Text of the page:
The Kashrut Wars Continue: Kedassia and the Kotzker

The 1930 letter of the former Haham of the Sephardi community, Dr Moses Gaster, to Dr B Homa of the Union of Orthodox Hebrew Congregations objecting to the Chief Rabbinate being given the authority to licence Shochtim
The 1930 letter of the former Haham of the Sephardi community, Dr Moses Gaster, to Dr B Homa of the Union of Orthodox Hebrew Congregations objecting to the Chief Rabbinate being given the authority to licence Shochtim

In my last piece on the UK Kashrut war between Chief Rabbi Adler and the Machzike Hadaas community, we described the eventual compromise that was reached by the two parties, in which the Machizke Hadaas meat came under the umbrella of the Chief Rabbinate but continued to be supervised by the Rabbi of the Machzike Hadaas. The compromise was accepted by the Machzike Hadaas members living in East London, and their shul joined the Federation of Synagogues shortly afterwards.

Yet, as we are all too aware of in any pious dispute, one North London group of Machzike Hadaas members remained steadfast in their objections to the Chief Rabbinate and refused to be taken under their authority. They were to form what ultimately became the Union of Orthodox Hebrew Congregations (UOHC), complete with its own Kashrut authority, Kedassia. All was then quiet for some time.

In 1930, however, the Kashrut wars erupted again when a Parliamentary Slaughter of Animals Bill proposed that animals for Jewish use should be slaughtered by “a Jew licensed for that purpose by the Chief Rabbi” (see illustration).

The Parliamentary Slaughter of Animals Bill, proposing that animals for Jewish use should be slaughtered by “a Jew licensed for that purpose by the Chief Rabbi”

The UOHC, the Federation and the former Haham of the Sephardi community, Dr Moses Gaster, all objected to being excluded, with the Chief Rabbi being given sole authority to licence shochtim (see illustration).

The 1930 letter of the former Haham of the Sephardi community, Dr Moses Gaster, to Dr B Homa of the Union of Orthodox Hebrew Congregations objecting to the Chief Rabbinate being given the authority to licence Shochtim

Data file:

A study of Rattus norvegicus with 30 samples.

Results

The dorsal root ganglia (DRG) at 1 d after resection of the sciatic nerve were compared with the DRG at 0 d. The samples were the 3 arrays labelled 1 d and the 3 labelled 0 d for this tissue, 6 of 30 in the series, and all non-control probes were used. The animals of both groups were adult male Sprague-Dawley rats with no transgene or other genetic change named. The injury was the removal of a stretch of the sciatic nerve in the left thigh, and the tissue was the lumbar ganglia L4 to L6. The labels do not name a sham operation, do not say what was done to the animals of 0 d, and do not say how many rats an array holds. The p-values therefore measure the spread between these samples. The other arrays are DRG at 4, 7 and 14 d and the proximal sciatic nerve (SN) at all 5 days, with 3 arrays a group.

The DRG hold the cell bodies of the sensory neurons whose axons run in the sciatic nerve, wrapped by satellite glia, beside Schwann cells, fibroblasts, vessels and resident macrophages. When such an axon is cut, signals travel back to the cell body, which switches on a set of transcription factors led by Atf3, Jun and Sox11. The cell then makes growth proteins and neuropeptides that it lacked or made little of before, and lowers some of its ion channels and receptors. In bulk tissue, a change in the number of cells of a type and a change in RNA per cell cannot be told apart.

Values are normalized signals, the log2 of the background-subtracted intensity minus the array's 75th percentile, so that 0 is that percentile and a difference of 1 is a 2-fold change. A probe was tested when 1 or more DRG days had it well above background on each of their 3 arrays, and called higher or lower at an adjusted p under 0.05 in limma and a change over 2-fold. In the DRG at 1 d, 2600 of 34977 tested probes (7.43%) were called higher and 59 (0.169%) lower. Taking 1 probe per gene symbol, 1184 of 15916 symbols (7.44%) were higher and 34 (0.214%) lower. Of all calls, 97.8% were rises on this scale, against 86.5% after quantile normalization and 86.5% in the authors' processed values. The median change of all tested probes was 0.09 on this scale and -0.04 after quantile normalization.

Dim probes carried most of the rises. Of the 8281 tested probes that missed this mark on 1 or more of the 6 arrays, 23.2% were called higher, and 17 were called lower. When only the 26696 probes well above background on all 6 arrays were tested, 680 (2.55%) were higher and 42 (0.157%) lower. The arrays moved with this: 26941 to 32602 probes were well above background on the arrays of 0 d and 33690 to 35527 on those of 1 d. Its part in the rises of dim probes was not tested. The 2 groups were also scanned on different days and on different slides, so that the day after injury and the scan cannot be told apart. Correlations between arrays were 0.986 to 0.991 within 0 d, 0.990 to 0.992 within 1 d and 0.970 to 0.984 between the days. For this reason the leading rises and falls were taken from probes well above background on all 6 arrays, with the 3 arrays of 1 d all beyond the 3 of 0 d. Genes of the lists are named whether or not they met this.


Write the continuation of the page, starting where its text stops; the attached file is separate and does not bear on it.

As with the previous battle and countless rabbinic disputes throughout the ages, pen was put to paper and letters were obtained from abroad on either side of the argument. One note from Rabbi Yitzhak Morgenstern, the famed Kotzker Rebbe, ruled against authority being placed in an officeholder, since even if the present incumbent was suitable, one cannot guarantee the quality of those who would then follow him (see illustration).

The letter from Rabbi Yitzhak Morgenstern, the famed Kotzker Rebbe, against the licencing power being placed with any one officeholder

Ultimately, as in the previous debate, the dispute needed to be settled quickly, before the Government would begin to look critically at Shechita itself. The compromise reached was to give authority to a Commission, chaired by the Chief Rabbi but with representation from other Orthodox organisations, including the Federation and the UOHC.

The resolutions of the Conference on the Slaughter of Animals Bill, 9th October 1930, between representatives of the Board of Deputies, the United Synagogue, the Spanish & Portuguese Synagogue, the Federation of Synagogues, and the Union of Orthodox Hebrew Congregations.
About the Author
Professor David Latchman, CBE, is a leading UK academic, author, and philanthropist, and currently holds the position of Vice-Chancellor of Birkbeck University of London, having led the university since 2003. Latchman holds First-class Honours in Natural Sciences, a MA, and a PhD, and has completed a three-year post-doctoral fellowship at Imperial College London. He also has a DSc (higher doctorate) from the University of London.